Exit of Finnish firms from Russia ineffective – president


The exit of Finnish companies from Russia has failed to have an economic impact on Moscow, as many firms from other countries have stayed, Finnish President Sauli Niinisto said on Thursday, in an interview with Le Monde.

Finland was one of the few nations whose companies completely left the Russian market after the start of Moscow’s military operation in Ukraine last year, according to Niinisto.

Referring to the 2014 round of sanctions, imposed after Crimea joined Russia, he said that EU countries believed that “sanctions would cause the Russian economy to collapse. Some said within six months. That was a miscalculation. They had an impact, but not on the scale we imagined.”

Many Western firms have withdrawn since 2022, with the most prominent Finnish brands being food producers Valio, Paulig, and Fazer, along with forestry holding UPM-Kymmene.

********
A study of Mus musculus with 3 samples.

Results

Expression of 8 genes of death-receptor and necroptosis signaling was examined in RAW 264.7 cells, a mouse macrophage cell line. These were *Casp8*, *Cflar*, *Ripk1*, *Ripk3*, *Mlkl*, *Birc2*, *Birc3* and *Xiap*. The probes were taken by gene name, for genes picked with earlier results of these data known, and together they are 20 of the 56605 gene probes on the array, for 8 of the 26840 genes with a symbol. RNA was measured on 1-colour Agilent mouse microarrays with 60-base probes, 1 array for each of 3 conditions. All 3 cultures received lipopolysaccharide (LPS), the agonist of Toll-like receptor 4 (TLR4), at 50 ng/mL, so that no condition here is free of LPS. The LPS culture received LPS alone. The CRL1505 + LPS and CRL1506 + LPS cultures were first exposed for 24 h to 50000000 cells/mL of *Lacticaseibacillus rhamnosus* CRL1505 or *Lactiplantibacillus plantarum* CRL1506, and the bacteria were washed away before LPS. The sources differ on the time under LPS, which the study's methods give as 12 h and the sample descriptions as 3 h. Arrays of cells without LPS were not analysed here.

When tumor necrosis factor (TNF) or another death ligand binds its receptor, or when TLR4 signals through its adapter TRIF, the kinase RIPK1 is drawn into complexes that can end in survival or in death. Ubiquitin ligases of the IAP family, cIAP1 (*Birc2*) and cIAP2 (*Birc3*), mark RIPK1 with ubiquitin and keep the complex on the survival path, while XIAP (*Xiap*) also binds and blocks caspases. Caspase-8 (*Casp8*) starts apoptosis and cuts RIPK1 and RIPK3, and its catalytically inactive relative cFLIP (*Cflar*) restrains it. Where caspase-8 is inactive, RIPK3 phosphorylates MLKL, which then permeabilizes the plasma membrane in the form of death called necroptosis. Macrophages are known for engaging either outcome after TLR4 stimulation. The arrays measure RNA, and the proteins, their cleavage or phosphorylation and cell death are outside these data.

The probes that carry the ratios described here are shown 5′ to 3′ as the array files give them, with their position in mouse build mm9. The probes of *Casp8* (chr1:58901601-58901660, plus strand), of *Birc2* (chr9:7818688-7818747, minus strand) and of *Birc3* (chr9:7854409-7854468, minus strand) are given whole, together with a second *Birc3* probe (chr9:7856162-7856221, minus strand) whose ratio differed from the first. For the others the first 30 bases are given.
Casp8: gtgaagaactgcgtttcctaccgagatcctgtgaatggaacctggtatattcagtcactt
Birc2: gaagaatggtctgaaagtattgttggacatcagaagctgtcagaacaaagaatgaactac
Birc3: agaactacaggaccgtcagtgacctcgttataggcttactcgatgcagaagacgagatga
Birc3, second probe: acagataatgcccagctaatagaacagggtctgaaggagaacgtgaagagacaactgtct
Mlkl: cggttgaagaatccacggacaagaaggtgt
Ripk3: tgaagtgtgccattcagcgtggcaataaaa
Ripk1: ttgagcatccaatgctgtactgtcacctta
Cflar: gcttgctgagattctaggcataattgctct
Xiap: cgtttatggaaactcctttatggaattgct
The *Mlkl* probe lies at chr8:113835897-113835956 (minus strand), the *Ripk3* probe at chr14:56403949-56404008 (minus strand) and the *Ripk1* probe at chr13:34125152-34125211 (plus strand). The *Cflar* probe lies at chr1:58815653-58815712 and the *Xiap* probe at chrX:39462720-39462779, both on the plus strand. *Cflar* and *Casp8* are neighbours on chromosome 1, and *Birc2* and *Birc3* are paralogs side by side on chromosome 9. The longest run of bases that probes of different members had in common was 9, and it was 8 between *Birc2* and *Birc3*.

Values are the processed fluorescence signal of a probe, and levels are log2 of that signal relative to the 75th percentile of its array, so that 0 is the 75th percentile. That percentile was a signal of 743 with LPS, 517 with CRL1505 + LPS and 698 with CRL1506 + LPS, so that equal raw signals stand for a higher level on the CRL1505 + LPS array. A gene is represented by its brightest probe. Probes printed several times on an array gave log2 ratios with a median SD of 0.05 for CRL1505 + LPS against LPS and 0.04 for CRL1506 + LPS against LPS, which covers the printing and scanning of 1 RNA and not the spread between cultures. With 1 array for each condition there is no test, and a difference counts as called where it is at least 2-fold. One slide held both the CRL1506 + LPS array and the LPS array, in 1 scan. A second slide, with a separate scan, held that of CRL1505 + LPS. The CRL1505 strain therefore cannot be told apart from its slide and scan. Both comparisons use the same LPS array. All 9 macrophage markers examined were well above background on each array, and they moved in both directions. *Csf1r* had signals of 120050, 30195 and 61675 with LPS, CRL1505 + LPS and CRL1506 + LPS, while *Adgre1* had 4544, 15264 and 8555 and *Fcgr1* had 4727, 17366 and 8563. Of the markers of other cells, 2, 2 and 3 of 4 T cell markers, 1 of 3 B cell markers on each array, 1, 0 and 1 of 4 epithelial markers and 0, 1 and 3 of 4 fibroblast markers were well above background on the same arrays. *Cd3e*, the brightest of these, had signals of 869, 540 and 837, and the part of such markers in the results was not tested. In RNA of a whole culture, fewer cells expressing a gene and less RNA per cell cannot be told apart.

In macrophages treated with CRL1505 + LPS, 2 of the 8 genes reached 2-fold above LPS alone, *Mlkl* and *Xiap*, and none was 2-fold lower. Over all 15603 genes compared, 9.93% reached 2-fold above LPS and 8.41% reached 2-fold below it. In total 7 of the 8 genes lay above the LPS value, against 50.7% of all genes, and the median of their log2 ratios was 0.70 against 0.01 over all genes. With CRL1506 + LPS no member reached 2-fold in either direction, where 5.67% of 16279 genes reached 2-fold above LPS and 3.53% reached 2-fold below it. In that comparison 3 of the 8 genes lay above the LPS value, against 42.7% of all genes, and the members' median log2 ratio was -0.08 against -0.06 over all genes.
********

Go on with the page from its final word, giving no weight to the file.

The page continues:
According to the Kremlin, the exit of foreign businesses from the Russian market has created new opportunities for domestic firms.

“The Russian firms that have taken the places vacated after the departure of foreign, including Finnish, companies… welcome their departure and feel quite comfortable and happy in [their] new business,” Kremlin spokesman Dmitry Peskov told journalists on Friday.

Research showed in April that fewer than 10% of international brands have actually left Russia.

The Kiev School of Economics conducted an analysis of 3,157 foreign firms that operated in the Russian market prior to the start of Moscow’s military operation in Ukraine as part of its Leave Russia project. According to its findings, only around 200 foreign companies have so far exited the Russian market amid Ukraine-related sanctions.

Research by Yale University suggests that the number of foreign firms to publicly announce that they are voluntarily curtailing operations in Russia beyond what international sanctions legally require stands at more than 1,000, while other firms have chosen not to reduce their business.